Loading…
Saturday, December 27, 2014
Current Weather
Loading Current Weather....
HomeHomes
Published: Friday, 5/11/2012 - Updated: 2 years ago

Come on in!

Retaining walls and pavers add curb appeal to your front entry

(ARA) -- Front-porch entertaining is making a comeback in America's neighborhoods, thanks to homeowners' renewed interest in beautifying the front entries of their homes. The days of uninspired concrete front stoops have passed, giving way to elegant combinations of freestanding walls, columns and matching pavers to create welcoming entrances that also serve as gathering places.

Front-entry makeovers that are eye-catching and functional are one of the hottest trends in landscape design these days.

"Decades ago, neighbors would often retire to their front porches in the evening and gather together for conversation with neighbors up and down the street," said Lonnie Sekeres, designer at Villa Landscapes in Oakdale, Minn. "That practice is returning as families spend more time entertaining at home and getting to know their neighbors. A creatively designed front entryway can help facilitate that."

It doesn't have to be extravagant either. "Doing something as nominal as adding a paver walkway and freestanding wall - along with a new take on plants to accent certain areas - can do a lot to freshen up your curb appeal on a modest budget," said Sekeres.

New concept, old look

Many homeowners face the challenge of updating a home that looks stuck in the past, but a front entry facelift can be an easy solution. Villa Landscapes transformed a rambler's small and mundane concrete-slab front stoop into a sweeping paver patio and pergola-covered entryway defined by Versa-Lok retaining walls and columns. The result changed the entire look of the home.

"The original house had a 4-foot-wide step to access the front door," said Sekeres. "The owner wanted to provide more useable space for traffic flow through the front door while creating a sense of an old-fashioned front porch. In addition, he wanted to use materials that would complement the existing home and also be low-maintenance."

Retaining walls in a charcoal-blend color were used for seat-height freestanding walls and columns to create the new porch space. Paving stones in a matching color were used for the patio and walkway surface. The formerly boring square front stoop was transformed into an attractive rounded step that protrudes from the patio, flanked by two columns and faced with a veneer made from slicing off the back of a retaining wall block. The curved lines of the step are repeated in the walkway and in a round raised-bed garden.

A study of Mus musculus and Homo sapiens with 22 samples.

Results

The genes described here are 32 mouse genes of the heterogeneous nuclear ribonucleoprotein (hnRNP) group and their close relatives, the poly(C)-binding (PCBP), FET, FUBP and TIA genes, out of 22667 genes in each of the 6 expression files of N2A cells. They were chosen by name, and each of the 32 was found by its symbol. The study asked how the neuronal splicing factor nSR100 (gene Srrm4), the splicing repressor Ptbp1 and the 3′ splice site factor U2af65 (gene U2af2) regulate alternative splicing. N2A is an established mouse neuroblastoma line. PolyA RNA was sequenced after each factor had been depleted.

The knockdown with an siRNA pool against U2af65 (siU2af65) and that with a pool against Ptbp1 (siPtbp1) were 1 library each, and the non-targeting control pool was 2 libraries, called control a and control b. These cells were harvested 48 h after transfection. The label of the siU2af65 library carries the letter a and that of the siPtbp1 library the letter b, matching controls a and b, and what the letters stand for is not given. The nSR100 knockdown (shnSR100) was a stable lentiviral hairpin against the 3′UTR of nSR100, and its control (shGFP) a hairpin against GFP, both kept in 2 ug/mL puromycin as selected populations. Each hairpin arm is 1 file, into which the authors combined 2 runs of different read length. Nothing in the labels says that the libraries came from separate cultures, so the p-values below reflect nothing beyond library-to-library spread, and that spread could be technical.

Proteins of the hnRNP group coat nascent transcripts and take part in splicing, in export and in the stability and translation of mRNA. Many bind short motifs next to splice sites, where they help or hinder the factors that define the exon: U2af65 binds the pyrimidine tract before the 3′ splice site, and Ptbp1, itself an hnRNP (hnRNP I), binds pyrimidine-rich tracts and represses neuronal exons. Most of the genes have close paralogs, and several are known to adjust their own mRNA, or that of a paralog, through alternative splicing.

"What began as a cold and somewhat clumsy entrance to the house is now a bright and inviting gathering place that adds a contemporary look to what could have been a dated home," said Sekeres.

Front-yard entertaining

Sekeres gave a another family's home a facelift with a handsome hardscaped front-entry courtyard graced with fresh plantings. A plain concrete sidewalk was replaced with matching pavers to create a fresh look for the home with a new, more neighborly entertaining space.

"The entry had overgrown plants in some areas, bare spots in others. While it's a beautiful house, it had lost its curb appeal and was in dire need of attention," said Sekeres. "Besides sprucing up the look of their home, the clients also wanted to have a spot out front to sit and chat with the neighbors as they passed by."

The solution was a raised patio that extends from the existing front step to the middle of the yard. The patio is buttressed on the outer sides by freestanding retaining walls accented at two corners with stylish matching columns.

The patio and sidewalk are paved with Willow Creek paving stones in a cobblestone pattern and color scheme that complements the walls and the home's existing brick exterior. A variety of new plantings around the wall and patio soften the hardscaping.

"We come out here in the evening and it's not 10 minutes before someone sees us and stops over," said the homeowners. "We just love it."



Guidelines: Please keep your comments smart and civil. Don't attack other readers personally, and keep your language decent. If a comment violates these standards or our privacy statement or visitor's agreement, click the "X" in the upper right corner of the comment box to report abuse. To post comments, you must be a Facebook member. To find out more, please visit the FAQ.